The word-nerd in me lit up when I discovered that there was a museum that celebrates the development and innovation of languages. Planet Word Museum in Washington, D.C. immediately found a spot on our itinerary when my husband and I recently traveled to the U.S. capital.
But then, the anxious questioning: “Will it be worth it?”
Also, the doubting: “How can you make a museum about language interesting?”
And ultimately, the skepticism: “Maybe if something more exciting comes up, then we’ll skip this one.”
I’m here to say that I didn’t give in to the last one, and I think the review of Planet Word that follows will answer the other two nagging questions.
- Planet Word Museum Overview
- Your Questions Answered
- Other Interesting Museums to Visit
Planet Word Museum Overview
Planet Word celebrates language – written and oral. Visitors are drawn into thinking about the words we use through state-of-the-art-technology and innovative exhibits. Don’t think of this as a dry, read-a-lot-of-displays experience. In fact, be prepared to get hands-on. Every exhibit has an element of engagement to it. You can choose how in-depth you go, but there is something for everyone to come away with.
When you enter, listen to the voices in the speakers of the tree that you pass under or around. The whispers of language begin before you’re inside.
General admission is free, but donations are appreciated. After you make your donation at the main desk, take the elevator to the third floor and start there. You’ll wind your way down to the bottom.
Where to Start
The third floor greets you with videos exploring the first sounds and words of little ones. Enter the room to the left with a large globe in the center and several stations surrounding it. Pick one of these stations and begin.
At the station a native speaker of one of the world’s hundreds of languages will welcome you and introduce you to their language. At the end you’ll have a chance to practice one of the phrases – after you give it a shot, look up to the globe for a creative lighted cheer!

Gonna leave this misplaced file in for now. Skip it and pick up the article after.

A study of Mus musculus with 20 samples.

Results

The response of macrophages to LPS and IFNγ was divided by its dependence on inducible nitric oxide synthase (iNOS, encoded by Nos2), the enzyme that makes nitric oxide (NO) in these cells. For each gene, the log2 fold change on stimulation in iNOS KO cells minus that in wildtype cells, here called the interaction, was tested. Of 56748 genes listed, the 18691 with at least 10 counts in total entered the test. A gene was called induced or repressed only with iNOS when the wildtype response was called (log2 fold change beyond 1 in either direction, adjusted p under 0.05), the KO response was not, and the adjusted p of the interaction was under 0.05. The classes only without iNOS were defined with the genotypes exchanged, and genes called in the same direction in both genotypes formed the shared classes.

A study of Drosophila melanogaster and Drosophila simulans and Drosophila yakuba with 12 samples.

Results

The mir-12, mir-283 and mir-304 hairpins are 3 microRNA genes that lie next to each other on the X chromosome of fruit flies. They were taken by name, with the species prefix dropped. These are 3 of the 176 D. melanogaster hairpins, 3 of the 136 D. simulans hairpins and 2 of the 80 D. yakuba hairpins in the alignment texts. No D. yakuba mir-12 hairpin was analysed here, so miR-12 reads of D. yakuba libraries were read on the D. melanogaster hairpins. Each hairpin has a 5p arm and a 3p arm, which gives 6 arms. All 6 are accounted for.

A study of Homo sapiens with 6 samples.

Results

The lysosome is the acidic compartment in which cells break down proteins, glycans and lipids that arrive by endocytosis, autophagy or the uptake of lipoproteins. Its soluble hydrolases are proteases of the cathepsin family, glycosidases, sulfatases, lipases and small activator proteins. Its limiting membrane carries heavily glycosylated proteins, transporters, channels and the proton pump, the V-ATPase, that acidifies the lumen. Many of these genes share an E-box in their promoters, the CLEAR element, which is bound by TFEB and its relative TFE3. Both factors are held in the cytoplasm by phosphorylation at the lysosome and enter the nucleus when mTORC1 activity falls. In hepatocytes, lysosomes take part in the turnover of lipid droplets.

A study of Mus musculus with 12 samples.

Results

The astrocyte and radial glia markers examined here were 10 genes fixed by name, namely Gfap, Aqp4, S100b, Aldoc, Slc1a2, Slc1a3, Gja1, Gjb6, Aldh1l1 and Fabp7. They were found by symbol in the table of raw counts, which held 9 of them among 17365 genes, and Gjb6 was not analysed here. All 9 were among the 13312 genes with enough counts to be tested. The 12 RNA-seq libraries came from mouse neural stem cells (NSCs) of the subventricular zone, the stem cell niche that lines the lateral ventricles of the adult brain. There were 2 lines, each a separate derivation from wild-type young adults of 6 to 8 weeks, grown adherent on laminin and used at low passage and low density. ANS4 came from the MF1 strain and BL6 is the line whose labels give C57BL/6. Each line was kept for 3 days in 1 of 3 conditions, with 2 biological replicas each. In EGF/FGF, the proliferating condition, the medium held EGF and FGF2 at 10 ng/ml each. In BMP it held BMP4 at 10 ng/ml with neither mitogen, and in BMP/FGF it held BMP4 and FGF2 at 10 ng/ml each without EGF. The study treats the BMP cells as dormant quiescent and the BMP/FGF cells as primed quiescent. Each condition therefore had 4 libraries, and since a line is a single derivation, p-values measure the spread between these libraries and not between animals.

Continue navigating through the rooms and exhibits, walking down the stairs to each level as you finish the previous one. Don’t miss any of them!
Interactive Library Exhibit
My favorite was the large library (what a surprise!). Be sure to pick up one of the books from the large reading table in the center. Put the book on the table and listen to a narrator with special effects tell a bit about the significance of the book. It was hard not to imagine that this is what a library at Hogwarts would be like.
You can also take an interactive quiz on the use of words in books (and algorithms) – we took a quiz about words used in Dr. Seuss books. If you’re more of a paper-and-pen type, they have a worksheet with a picture of bookshelves waiting to be colored and lettered.
Famous Speeches Exhibit
There is an exhibit to consider the epic speeches of our times. You could even stand in a booth and give one of the speeches by following a teleprompter. It is an impressive collection of some of the more powerful ways words have been used to encourage, inspire, and educate.
Painting the Scene Exhibit
One smaller exhibit shows a painted picture on three walls in the room. Beneath the exhibit are giant brushes set in small, round holes. Each hole has a mood label above it – verdant, spring, sunny, dreary, etc. Take a brush to the picture and watch the image transform to reflect the adjective you selected. It was a creative and fun look at setting and imagery in language. I was surprised how much I enjoyed waving different brushes over different parts of the image. What a great visual!
Jokes, Karaoke, & More Exhibits
We guessed idioms using props.
I wanted to do the “tell-a-joke” station, but it was quite popular when we were there so we didn’t get a chance. Check out how language and artistry is used in popular music – and sing along if you want. Then consider how those same two things are used in advertising. Do you have what it takes to make your own ad using the skills and parameters provided?
Your Questions Answered
Will it be worth it?
Yes. We (two grown adults) had so much fun. For children I think it’s best for 7+. Many of the activities will be better enjoyed if participants can read.
How can you make a museum about language interesting?
Please see above. So much creativity went into the exhibits!
It surprised my husband and I how well the museum engaged language and encouraged visitors to think about words and how they are used. Planet Word is not a super large museum so you can explore and be done in an hour or two (depending on your group’s size).
Where is Planet Word located?
Planet Word is in a beautiful building on the corner of K Street and 13th Street.
The museum is open Thursday through Sunday from 10 AM to 5 PM.
Their address is 925 13th Street, NW, Washington, D.C.
But pay attention! The entrance is on K street.
The museum operates through donations. General admission is free, but $15 is the suggested donation. Of course, generosity is not a bad thing if you’re able.
Other Interesting Museums to Visit
Planet Word Museum in Washington, D.C. is one of my favorite museums that we’ve visited to date. For creativity and engagement, I would put it right next to BostonTea Party Ships & Museum from our Boston trip and the Museum of the Alphabet located just outside of Charlotte, NC.